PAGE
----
Berlinale 2016 Review: THE BACCHUS LADY Gracefully Explores Bounty of Taboo Subjects
Veteran actress Youn Yuh-jung, star of such classics as Kim Ki-young's Woman on Fire (1971) and The Insect Woman (1972), takes on perhaps her boldest role yet in The Bacchus Lady. Directed by E J-yong, appearing in the Berlinale program for the fifth time, this surprising 3D drama was made within the sanctuary of the Korean Academy of Film Arts (KAFA).
Just one among the 50% of elderly Korean citizens living below the poverty line, So-young spends her days in a park in Central Seoul, approaching old men with a bottle of 'Bacchus', a popular health drink, and an invitation to some private time in a motel room. One day, when visiting a doctor to get checked for a venereal disease, she meets a young Korean-Filipino boy who she takes into her charge when his mother is locked in jail. Later, she meets a former John now on his deathbed and hesitantly fulfils his request to put him out of his misery. Soon, other elderly men come to her, seeking assistance for euthanasia.
While that brief synopsis already covers a number of sensitive issues, it doesn't encompass the whole scope of The Bacchus Lady's taboo subjects, which also include So-young's past as the girlfriend of a black American soldier and mother to biracial son she gave up for adoption, and the transexual owner of the home where she resides.
Though many of these topics have been addressed in prior Korean indie cinema, such as Kim Ki-duk's Address Unknown (2001), E's film is unique both for the sheer quantity of minority themes it explores as well as its relative lack of moral despair. The Bacchus Lady shows people in difficult circumstances on the fringes of society but it also presents characters that tackle their tribulations in a day-to-day, almost prosaic manner, and who also find happiness in casual exchanges or shared meals with friends.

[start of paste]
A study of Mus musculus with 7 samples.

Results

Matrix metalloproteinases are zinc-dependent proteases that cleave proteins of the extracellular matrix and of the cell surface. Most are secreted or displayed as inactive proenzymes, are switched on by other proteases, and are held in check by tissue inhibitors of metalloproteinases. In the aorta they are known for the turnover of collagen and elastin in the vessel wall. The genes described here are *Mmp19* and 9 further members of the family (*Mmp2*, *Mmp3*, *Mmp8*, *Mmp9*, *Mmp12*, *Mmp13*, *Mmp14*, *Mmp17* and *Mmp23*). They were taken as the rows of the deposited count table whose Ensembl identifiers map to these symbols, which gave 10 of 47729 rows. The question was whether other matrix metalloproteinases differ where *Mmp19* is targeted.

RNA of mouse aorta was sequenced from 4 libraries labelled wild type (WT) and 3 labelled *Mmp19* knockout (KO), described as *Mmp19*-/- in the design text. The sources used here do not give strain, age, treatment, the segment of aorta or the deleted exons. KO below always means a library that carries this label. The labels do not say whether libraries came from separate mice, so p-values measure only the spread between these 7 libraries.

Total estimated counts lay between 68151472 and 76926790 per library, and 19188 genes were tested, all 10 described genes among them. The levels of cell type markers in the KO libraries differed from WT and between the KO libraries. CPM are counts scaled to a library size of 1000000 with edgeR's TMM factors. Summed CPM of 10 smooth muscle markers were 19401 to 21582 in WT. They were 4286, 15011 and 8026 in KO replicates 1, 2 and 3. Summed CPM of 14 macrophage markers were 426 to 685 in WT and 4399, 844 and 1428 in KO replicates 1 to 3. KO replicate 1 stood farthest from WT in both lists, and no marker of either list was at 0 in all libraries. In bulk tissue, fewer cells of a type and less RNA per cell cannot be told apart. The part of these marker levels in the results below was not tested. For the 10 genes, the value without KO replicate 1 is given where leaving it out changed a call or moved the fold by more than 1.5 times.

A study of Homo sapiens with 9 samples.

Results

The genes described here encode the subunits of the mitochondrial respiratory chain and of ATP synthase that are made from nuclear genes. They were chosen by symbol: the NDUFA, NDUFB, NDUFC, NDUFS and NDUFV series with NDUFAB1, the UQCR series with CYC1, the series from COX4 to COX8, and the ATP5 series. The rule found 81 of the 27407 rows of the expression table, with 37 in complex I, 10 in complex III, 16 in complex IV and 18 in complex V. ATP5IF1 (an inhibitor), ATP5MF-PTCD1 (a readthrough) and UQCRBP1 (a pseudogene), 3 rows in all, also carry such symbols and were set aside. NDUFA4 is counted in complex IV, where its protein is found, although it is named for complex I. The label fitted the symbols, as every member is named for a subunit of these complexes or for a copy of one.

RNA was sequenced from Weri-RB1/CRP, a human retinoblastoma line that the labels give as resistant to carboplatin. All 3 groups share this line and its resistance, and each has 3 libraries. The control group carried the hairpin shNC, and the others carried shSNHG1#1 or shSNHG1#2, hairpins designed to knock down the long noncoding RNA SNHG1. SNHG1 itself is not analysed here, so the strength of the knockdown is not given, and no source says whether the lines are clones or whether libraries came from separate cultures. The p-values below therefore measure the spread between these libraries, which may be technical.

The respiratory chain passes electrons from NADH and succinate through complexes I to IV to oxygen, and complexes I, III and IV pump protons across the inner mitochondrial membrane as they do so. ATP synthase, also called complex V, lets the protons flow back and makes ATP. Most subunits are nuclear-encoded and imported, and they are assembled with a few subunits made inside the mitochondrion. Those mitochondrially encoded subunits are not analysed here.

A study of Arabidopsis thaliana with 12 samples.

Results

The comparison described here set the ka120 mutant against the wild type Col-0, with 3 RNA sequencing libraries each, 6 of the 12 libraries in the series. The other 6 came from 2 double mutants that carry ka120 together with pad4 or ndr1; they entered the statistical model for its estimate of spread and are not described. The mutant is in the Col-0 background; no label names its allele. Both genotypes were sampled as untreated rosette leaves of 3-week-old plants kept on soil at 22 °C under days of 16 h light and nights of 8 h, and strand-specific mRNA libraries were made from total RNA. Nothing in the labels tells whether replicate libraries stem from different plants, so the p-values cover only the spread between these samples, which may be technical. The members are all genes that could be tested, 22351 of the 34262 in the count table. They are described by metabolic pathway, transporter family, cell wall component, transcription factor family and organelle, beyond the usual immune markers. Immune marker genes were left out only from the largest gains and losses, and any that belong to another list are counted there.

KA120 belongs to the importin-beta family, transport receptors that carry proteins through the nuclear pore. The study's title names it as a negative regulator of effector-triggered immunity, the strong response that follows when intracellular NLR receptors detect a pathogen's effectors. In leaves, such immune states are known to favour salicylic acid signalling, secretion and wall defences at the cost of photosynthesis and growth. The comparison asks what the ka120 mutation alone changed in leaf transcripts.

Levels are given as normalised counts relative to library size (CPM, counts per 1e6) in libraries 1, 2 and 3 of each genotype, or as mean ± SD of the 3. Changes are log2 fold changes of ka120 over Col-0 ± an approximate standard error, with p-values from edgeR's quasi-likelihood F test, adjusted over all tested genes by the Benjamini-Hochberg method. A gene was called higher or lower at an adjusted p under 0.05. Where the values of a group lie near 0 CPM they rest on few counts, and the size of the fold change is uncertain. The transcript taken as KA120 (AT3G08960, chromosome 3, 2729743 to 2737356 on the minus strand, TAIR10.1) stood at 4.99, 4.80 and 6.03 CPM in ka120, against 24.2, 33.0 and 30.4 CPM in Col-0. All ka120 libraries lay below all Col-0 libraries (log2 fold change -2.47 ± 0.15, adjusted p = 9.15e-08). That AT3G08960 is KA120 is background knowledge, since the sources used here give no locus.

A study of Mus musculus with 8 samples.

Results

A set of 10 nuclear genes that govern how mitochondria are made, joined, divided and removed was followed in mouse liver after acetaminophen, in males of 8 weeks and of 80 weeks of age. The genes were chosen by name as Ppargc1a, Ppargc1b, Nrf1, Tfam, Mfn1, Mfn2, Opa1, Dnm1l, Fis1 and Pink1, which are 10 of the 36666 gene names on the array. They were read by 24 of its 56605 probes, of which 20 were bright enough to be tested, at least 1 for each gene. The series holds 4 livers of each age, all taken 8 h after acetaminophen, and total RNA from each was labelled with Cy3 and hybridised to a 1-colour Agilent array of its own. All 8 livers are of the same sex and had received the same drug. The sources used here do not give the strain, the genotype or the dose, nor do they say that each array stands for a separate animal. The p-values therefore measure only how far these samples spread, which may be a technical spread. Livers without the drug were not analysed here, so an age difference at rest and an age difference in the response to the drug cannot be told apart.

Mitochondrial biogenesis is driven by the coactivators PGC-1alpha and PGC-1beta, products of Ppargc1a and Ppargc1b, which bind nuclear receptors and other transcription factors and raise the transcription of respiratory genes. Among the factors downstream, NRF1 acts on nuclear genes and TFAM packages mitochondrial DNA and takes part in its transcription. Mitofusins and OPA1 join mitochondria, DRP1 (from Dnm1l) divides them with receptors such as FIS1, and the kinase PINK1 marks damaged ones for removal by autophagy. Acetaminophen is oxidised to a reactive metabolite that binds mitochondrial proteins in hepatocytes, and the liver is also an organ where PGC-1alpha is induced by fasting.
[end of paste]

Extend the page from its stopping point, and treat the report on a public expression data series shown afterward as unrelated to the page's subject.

Given some of the compromising situations So-young finds herself in, it's a surprising role for Youn and also a brilliant showcase for the revered actress' boundless talent. Strong and vulnerable in equal measure, Youn's So-young effortlessly courts our empathy yet she never baits us to pity her.
No Korean director is as hard to pin down as E J-yong whose every work differs vastly from his last (save for his pair of entertainment mockumentaries, The Actresses and Behind the Camera). With The Bacchus Lady he pulls his focus away from mise-en-scene, which is efficient but feels deliberately toned down, to explore new ideas. Perhaps unavoidably, if The Bacchus Lady comes up short at all it's because it doesn't delve very deeply into its manifold themes. E is content merely to present a variety of fringe issues facing modern Korean society and to give Youn the opportunity to shine in the middle of it all.